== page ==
The following essay was written by Marian Ronan, a retired professor of theology and religion and a member of Pax Christi Metro New York; it was published on August 30 in the Tablet, the newspaper of the Diocese of Brooklyn. Use this link to read the article on the Tablet’s website.
As Christians, we all know how central light is to the story of our faith. The creation story opens with “Let there be light.” And Matthew introduces Jesus with a quote from the prophet Isaiah: “The people who sit in darkness have seen a great light” (4:16). When we look up at the stars or face the glorious rising sun, it is this sacred story that we are wrapped in.
Unfortunately, not all great lights merge easily with our faith. Consider, for example, the massive wildfires burning now around the planet. Or what happened on the other side of the world 78 years ago when a great light appeared above the city of Hiroshima, Japan.
As Archbishop John Wester of Santa Fe, New Mexico, recalls in his recent pastoral letter, “Living in the Light of Christ’s Peace,” on Aug. 6, 1945, children in Hiroshima ran to the windows of their school, attracted by the bright light of the nuclear bombing of their city. Many of them died that day or later from radiation. Sadly, that great light generated only destruction and death.
And three days later, on Aug. 9, our country dropped a second atomic bomb on another Japanese city, Nagasaki. Aside from being unnecessary, given the utter devastation of the first attack, this bombing was of special interest to us as Catholics because the bomb was dropped 500 feet from the Catholic cathedral, destroying it and killing the entire congregation gathered for Mass.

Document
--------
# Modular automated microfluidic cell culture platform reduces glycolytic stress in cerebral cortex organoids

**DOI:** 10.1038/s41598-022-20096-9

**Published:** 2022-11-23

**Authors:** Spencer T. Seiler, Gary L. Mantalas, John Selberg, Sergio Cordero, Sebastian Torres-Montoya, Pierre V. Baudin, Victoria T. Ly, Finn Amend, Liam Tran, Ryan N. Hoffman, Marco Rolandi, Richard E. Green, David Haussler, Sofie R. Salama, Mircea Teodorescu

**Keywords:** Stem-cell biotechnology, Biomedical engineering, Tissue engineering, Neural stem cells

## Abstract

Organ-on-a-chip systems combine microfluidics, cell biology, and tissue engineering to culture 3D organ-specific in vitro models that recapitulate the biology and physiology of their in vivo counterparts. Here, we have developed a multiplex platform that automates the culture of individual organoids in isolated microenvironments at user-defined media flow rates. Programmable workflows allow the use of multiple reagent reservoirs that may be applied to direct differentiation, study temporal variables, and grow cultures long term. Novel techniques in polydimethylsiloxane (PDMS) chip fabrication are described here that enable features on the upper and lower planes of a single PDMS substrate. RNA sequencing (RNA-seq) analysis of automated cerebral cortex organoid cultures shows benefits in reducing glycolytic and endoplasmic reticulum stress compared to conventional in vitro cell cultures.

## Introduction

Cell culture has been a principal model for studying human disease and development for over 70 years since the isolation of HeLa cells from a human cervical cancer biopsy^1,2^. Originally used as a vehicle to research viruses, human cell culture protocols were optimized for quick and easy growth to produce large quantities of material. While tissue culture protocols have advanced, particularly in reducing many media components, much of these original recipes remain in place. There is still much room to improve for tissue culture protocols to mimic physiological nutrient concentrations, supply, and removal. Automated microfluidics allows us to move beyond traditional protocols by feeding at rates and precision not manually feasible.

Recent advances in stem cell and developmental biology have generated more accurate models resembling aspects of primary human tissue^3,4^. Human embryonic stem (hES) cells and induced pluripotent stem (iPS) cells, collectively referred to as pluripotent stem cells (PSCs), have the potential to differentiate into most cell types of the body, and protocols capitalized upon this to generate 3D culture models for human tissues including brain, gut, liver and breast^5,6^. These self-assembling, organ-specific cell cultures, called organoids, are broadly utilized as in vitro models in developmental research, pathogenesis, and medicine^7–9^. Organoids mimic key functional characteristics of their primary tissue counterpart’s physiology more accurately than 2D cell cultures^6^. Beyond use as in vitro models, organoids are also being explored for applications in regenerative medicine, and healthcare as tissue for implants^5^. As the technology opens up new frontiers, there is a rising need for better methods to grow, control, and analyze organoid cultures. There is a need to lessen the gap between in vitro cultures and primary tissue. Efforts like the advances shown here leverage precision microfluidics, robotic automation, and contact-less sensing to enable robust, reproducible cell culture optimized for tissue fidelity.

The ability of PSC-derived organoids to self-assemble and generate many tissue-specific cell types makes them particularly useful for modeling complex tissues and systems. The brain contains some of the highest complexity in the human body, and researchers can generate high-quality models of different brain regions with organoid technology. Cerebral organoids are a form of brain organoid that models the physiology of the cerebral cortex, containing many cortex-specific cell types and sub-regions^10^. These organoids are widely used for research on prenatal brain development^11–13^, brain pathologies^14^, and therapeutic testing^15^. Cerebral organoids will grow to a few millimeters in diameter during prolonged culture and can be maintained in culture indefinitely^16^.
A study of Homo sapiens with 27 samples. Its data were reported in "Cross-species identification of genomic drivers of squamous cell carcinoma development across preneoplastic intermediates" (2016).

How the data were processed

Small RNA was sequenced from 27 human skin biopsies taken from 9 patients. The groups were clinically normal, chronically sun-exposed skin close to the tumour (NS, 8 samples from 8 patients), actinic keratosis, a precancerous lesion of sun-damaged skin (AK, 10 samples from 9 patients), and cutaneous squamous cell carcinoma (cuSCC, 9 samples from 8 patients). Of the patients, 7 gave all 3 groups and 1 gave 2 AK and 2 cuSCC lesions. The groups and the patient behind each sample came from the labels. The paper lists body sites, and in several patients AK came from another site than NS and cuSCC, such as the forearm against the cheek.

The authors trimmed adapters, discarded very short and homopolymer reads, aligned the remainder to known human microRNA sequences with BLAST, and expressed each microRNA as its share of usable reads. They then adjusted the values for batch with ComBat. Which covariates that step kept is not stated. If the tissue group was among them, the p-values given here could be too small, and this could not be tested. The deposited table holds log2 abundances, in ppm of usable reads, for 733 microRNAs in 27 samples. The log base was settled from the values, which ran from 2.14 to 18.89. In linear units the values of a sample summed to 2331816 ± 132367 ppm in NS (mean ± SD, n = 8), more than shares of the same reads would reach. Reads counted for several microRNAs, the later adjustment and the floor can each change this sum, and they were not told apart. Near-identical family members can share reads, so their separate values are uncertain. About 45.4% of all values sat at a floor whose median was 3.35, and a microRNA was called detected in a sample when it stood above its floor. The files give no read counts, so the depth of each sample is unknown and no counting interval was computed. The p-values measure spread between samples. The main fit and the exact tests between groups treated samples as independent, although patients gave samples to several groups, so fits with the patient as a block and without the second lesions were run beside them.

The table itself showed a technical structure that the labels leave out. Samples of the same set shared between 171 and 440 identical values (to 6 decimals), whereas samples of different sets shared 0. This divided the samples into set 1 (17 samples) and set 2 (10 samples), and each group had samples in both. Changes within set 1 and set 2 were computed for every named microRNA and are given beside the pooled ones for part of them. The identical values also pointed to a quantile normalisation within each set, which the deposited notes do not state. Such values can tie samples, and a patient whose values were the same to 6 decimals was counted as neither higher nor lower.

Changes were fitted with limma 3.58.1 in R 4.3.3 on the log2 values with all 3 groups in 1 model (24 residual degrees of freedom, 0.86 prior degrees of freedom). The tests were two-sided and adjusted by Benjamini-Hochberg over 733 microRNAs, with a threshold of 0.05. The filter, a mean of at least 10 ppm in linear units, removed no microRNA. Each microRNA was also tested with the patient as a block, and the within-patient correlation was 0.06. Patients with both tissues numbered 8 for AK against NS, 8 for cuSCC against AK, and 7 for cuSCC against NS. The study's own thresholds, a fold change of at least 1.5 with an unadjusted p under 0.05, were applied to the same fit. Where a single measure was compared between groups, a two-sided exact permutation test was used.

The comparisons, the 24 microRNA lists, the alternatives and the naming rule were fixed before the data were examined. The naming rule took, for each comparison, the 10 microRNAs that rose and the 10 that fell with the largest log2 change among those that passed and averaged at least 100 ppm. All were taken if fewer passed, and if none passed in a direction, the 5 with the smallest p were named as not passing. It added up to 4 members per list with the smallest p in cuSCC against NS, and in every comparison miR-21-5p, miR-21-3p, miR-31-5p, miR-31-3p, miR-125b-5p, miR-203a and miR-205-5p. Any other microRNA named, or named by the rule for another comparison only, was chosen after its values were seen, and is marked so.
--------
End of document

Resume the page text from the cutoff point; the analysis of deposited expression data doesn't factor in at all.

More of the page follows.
Since I was born almost two years after these bombings, I like to think I am not responsible for them. But there can be little doubt that the profits gained from what President Eisenhower called “the military industrial complex,” including the production of nukes, contributed a great deal to the postwar prosperity by which the daughter of a shift worker could become a seminary professor with a Ph.D.
And then there is the fact that Pope Francis, in 2017, declared not only the use but the very possession of nuclear weapons immoral. Meanwhile, the United States, already the only country in the world to have used nuclear weapons in a war, is spending trillions of dollars upgrading its nuclear arsenal. What does this mean for Catholics like me who continue to pay the federal taxes that fund this immoral endeavor?
We may, indeed, be greatly increasing the likelihood that another great light will explode over God’s creation. Let us pray, instead, that the true light that enlightens everyone who comes into this world will move us to demand that our country renounce nuclear weapons, moving this world into the light of Christ’s peace.